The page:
Marriage between first cousins is currently illegal in about 30 US states. But in contrast to the tremendous attention that gay marriage receives, this issue receives close to zero. This is despite the fact that in some countries 50% of all marriages are between cousins.
Even in supposedly liberal circles you are liable to be seen as some kind of weirdo or worse if you bring up this issue. The contrast with gay marriage could hardly be more stark.
Why is it banned? One rationale right now is the increased average risk of birth defects to children. But recent studies show that this risk is low and comparable to the risk faced by women having children over 40.
Would you support banning marriage by middle aged women?
Despite the near total neglect of this issue, the numbers of people affected worldwide are probably greater than that by gay marriage, since the mainly homosexual probably do not account for more than 5% of the population.
The United States is the only Western country to restrict it, although certain industrialized nations like South Korea do also (but then in Korea it is often unacceptable to marry someone with the same last name). It is mostly legal in the liberal Northeast, defying stereotypes of Southerners marrying cousins. I’m happy to say that my home state of New Jersey is tolerant here.
How did these bans come about? They were not present at the time of the United States’ founding, but only emerged after the Civil War as new states joined the union. Cousin marriage in these new states was seen as a primitive and undesirable practice. Ironically, many of the same undercurrents were present in the eugenics movement that surfaced in the United States near the same time. Both eugenics and the ban on cousin marriage sought to improve society by restraining breeding.
The genetic justifications for these bans have been shown to be hollow. Here is the beginning of the New York Times article:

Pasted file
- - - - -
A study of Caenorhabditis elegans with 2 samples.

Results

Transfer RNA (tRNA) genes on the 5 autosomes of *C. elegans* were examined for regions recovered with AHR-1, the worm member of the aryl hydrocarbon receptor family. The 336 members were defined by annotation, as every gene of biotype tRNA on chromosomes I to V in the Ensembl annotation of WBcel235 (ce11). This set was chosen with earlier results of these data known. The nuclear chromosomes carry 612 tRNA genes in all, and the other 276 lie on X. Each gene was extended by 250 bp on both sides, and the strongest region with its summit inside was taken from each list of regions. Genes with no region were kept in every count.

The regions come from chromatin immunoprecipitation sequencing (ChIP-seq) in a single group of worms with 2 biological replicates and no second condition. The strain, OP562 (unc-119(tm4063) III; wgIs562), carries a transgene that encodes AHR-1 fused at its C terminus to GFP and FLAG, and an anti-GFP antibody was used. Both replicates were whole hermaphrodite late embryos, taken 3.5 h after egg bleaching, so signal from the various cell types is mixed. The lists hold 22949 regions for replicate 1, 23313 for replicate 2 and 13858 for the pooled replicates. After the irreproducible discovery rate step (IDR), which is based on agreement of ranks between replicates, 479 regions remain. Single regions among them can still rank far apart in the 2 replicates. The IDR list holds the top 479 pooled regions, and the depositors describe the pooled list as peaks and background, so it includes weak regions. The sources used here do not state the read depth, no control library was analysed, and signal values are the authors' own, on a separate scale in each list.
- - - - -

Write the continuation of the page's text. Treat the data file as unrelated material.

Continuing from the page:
Contrary to widely held beliefs and longstanding taboos in America, first cousins can safely have children together, without a great risk of birth defects or genetic disease, scientists are reporting today. They say there is no biological reason to discourage cousins from marrying.
First cousins are somewhat more likely than unrelated parents to have a child with a serious birth defect, but scientists say the risk is not large. In the general population, the risk that a child will be born with a major birth defect, like spina fida, is 3 to 4 percent; to that background risk, first cousins must add another 1.7 to 2.8 percentage points, the researchers said.
Although the increase represents almost a doubling of the risk, since the background risk is small to begin with, the result is still not considered large enough to discourage people from having children, geneticists say. And they point out that no one questions the right of other people with far higher levels of risk to have children. For example, people with Huntington’s disease, a severe neurological disorder, have a 50 percent chance of passing the disease to their children.
Some highlights from later in the article:
"Somehow, this hasn’t become general knowledge," Dr. Motulsky said. "Among the public and physicians there’s a feeling it’s real bad and brings a lot of disease, and there’s a lot of social and legal disapproval."
"They are ancient laws in terms of thinking it’s really bad," he said. "The data show it isn’t that bad. There shouldn’t be a law that you can’t marry your cousin."
Finally, let’s remember that Einstein and Darwin both married first cousins.
Let’s hope that activists stop ignoring this issue.